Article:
On one level, this one’s easy (MomLogic, 3/3/11). On another, not so much.
It’s the story of Rahna Reiko Rizzuto who, 10 years or so ago, got a six-month fellowship to spend time in Japan and write a book. At the time she’d been married for 20 years and she and her husband had two sons ages three and five.
Her husband supported her desire to go to Japan, but, once she got there, she discovered that she liked the sense of freedom not being a mother brought her. So she opted out. She divorced her husband and apparently left her kids, although she now lives only blocks away from them and sees them regularly.
Part of what’s remarkable about the story is how much is left out. In the brief article and the interview on MSNBC, we never learn how long she’s actually been apart from the boys. Did she move near them ten years ago or ten days ago? Somehow the interviewer didn’t think that was important, but you can bet it was to the kids.
Also, throughout her whole narrative of tossing aside her family to find herself and “grow,” the topic of child support is never raised. Did she pay it? Does she? If not, why not? What countless fathers discover is that life post-divorce without your kids is no bowl of cherries. Often they find themselves paying to support children whom they love but aren’t much allowed to see.
Was that Rizzuto’s experience? If so, she’s remarkably equable about it, far more so than most dads I’ve run into.
But, from her description, that’s seems not to have been what happened. Although child support isn’t mentioned, her ex obviously doesn’t try to interfere in her relationship with her sons.
She’s converted her experience into a book that seems to have been well-received. How much of the proceeds does she intend to pay to her ex-husband in spousal or child support? Is he going to take her to court due to her changed circumstances?
Amazingly enough, in her appearance on MSNBC, she gets off very lightly. The interview is a throwback to the 80s in which casting off the bonds of motherhood was a thing to be celebrated. I thought we’d gotten past that. I thought we understood that kids mattered and that parents should put them first. Apparently I was wrong.
The “therapist” on the program with her exhibits no such awareness. For her, a mom just can’t be a good mom if she perceives that the kids thwart her growth. So, as I understand her theory, it’s actually better that Rizzuto dumped her kids because, in the long run, she ended up better, which, in some unexplained way makes her a better mother.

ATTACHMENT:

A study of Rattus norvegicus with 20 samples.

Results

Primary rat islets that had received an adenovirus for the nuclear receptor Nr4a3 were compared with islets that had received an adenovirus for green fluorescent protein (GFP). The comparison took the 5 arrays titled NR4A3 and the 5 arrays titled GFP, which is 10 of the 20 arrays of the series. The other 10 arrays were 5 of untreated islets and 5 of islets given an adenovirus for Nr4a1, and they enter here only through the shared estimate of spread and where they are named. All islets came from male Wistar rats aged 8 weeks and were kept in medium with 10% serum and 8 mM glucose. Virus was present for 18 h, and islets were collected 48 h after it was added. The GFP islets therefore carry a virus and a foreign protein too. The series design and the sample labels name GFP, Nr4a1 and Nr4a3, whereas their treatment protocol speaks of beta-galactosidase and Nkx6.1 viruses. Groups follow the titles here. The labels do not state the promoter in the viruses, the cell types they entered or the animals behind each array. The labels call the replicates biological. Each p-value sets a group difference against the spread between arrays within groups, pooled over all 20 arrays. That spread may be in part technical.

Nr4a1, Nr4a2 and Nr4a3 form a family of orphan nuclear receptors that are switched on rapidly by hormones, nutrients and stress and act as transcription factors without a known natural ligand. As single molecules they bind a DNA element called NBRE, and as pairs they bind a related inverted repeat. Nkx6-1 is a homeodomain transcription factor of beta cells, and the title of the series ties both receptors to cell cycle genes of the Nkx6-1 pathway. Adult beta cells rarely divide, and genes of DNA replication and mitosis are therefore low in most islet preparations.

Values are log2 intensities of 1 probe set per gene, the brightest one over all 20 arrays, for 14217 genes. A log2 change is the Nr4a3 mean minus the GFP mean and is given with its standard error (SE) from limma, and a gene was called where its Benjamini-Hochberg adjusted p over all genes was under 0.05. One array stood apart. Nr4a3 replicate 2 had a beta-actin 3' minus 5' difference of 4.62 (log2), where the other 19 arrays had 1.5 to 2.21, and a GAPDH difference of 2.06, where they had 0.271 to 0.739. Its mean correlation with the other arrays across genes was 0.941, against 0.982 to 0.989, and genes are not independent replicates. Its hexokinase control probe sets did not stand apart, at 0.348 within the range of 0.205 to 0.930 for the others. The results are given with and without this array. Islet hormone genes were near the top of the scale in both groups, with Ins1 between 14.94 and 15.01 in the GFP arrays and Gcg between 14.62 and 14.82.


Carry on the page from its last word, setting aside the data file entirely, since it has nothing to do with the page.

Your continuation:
That might be true if the kids were adults and could understand such motivations, but when she left, they were three and five. The “therapist’s” take on the matter betrays not a hint of understanding of what kids need at that and later ages.
One of the comments describes it much better:
As someone who grew up with Reactive Attachment Disorder due to abandonment as an infant, I can say with confidence, the damage that poor excuse for a human being (male or female) did to those boys will not be known for years, but what has been done is severe, deep, and lasting. I know, I live mine every day.
That viewpoint never got aired on MSNBC.
Another one is this: Rizzuto says she never wanted to have children, so why did she? This goes entirely unexplored although the suggestion is that she was just blindly conforming to society’s expectations. That of course doesn’t wash for an instant. Ten years ago, her sons were three and five. That means they were born in 1995 and 1997, approximately. It is simply beyond belief that she didn’t believe she had a choice about having or not having children at that time.
First, contraceptive methods for women were plentiful, inexpensive and effective. Second, the concept of women pursuing careers rather than families had been a common and even predominant part of public discourse for 25 years. Third, many women, especially those in Rizzuto’s educational and financial class, were doing just that.
Accepting that she didn’t want to be a full-time mother, why’d she opt out so completely from her kids’ lives? Indeed, with such a supportive husband, why’d she even file for divorce? If she’d wanted a different arrangement of parenting and non-parenting duties, why not tell him that and see what they could have arranged that would have satisfied her and still not deprived her kids of their mother? Again, neither the article nor the interview broaches the topic.
In many ways, it’s a mysterious piece. It’s a throwback to the bad old days of “do your own thing and who cares about others” certainly, but it’s more than that as well. I’ll discuss that more later.